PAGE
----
Latest Alternative therapies for developmental and learning disabilities Stories
Bozeman massage therapist, Tamara Faust, of ThreeHeartsHealing.com gets certified in Ayurveda Massage. Bozeman, Montana (PRWEB) December 28, 2011
YONKERS, N.Y., July 21, 2011 /PRNewswire-USNewswire/ -- A new reader survey published in the September issue of Consumer Reports and available online at www.ConsumerReportshealth.org finds that three of four adults use some form of alternative therapy for general health.
Complementary and alternative medicine (CAM) is becoming a popular treatment for a variety of conditions, with national data showing it is used by about 12 percent of children.
Research shows the elderly and whites seek complementary and alternative therapies such as acupuncture and biofeedback most often.
U-M pediatrician suggests what's worth trying, what to avoid ANN ARBOR, Mich., April 6 /PRNewswire-USNewswire/ -- Today, more children than ever are being treated with complementary and alternative therapies.
Primary care physicians are more likely to ask parents about complementary alternative medicine use when caring for autistic children, U.S. researchers say. A national survey of 539 U.S.
DAVENPORT, Iowa, Jan.
Nearly 12 percent of U.S. children under age 18 use some form of complementary and alternative medicine, a national government survey indicated. The survey -- the U.S.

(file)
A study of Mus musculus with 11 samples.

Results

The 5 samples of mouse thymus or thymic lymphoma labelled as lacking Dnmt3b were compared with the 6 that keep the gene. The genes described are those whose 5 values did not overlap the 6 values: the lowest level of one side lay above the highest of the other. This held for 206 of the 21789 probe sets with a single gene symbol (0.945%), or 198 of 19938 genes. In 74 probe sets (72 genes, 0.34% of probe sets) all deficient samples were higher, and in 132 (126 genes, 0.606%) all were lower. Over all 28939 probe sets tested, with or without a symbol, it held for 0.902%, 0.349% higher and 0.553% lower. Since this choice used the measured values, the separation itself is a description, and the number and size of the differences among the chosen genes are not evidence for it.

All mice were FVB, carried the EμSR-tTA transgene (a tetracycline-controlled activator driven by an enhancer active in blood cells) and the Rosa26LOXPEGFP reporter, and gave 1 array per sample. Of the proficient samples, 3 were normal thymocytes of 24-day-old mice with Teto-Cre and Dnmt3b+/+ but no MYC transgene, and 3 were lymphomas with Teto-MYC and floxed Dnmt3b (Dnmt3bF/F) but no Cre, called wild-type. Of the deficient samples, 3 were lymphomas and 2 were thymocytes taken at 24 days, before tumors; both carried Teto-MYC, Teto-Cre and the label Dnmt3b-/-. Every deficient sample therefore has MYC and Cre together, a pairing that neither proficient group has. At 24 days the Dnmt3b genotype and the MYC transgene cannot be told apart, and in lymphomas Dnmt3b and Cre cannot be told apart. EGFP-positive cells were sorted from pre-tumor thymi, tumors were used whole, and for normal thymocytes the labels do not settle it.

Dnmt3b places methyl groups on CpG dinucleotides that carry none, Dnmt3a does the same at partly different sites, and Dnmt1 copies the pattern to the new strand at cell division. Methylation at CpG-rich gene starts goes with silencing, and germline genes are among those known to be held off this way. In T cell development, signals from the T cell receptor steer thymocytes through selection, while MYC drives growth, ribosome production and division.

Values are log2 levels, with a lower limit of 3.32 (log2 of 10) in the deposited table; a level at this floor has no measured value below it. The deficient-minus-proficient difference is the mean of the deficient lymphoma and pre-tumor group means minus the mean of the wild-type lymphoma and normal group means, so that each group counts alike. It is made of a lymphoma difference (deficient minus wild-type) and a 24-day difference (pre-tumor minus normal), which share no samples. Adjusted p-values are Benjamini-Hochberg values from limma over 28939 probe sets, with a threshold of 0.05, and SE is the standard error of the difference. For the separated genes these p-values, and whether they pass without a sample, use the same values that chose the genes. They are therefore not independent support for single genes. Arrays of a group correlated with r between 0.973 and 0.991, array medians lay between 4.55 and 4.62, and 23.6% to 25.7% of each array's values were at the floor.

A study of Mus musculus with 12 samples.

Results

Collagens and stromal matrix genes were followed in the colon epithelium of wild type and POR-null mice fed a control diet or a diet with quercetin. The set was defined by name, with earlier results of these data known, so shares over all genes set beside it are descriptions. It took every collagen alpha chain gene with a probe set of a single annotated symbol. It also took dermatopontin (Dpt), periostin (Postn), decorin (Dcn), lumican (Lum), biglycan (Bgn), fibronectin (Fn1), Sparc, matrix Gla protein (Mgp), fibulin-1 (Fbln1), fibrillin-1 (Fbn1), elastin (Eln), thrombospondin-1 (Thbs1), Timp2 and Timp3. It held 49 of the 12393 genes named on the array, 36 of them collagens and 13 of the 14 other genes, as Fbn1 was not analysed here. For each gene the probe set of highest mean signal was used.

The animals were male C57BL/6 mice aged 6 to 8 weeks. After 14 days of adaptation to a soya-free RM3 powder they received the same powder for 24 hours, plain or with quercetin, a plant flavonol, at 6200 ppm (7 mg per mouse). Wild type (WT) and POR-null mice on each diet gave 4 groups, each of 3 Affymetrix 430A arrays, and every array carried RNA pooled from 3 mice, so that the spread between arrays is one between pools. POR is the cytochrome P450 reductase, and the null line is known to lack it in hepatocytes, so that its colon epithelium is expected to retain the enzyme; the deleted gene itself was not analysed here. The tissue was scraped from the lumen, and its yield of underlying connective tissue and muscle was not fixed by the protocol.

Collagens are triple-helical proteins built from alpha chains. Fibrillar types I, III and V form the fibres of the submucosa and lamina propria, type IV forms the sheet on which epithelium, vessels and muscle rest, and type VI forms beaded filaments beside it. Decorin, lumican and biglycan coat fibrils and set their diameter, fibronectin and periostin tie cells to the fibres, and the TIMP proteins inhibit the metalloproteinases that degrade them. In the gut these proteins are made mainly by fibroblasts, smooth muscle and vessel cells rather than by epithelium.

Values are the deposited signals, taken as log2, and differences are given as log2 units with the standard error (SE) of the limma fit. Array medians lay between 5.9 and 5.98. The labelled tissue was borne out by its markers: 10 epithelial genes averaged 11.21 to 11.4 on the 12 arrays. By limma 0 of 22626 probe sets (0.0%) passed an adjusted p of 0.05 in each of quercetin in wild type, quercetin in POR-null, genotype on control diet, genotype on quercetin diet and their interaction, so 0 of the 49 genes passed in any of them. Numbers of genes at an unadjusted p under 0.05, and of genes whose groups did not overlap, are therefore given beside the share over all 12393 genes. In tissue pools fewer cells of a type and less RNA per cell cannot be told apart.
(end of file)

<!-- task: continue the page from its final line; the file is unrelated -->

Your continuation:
Scientific Learning(R) (NASDAQ:SCIL) today announces that EdisonLearning(TM), the nation's largest partner to public school districts and communities, has chosen the Fast ForWord(R) family of products to provide a research-based reading intervention program for Furman L.
U.S. hospitals are increasingly adding complementary and alternative medicine, or CAM, to conventional services, the American Hospital Association said. A survey by the AHA's Health Forum found 37 percent of responding hospitals offer one or more CAM therapies, up from 26.5 percent in 2005.
- In Roman antiquity, the return of a person who had been banished, or taken prisoner by an enemy, to his old condition and former privileges.
- In international law, that right by virtue of which persons and things taken by an enemy in war are restored to their former status when coming again under the power of the nation to which they belonged.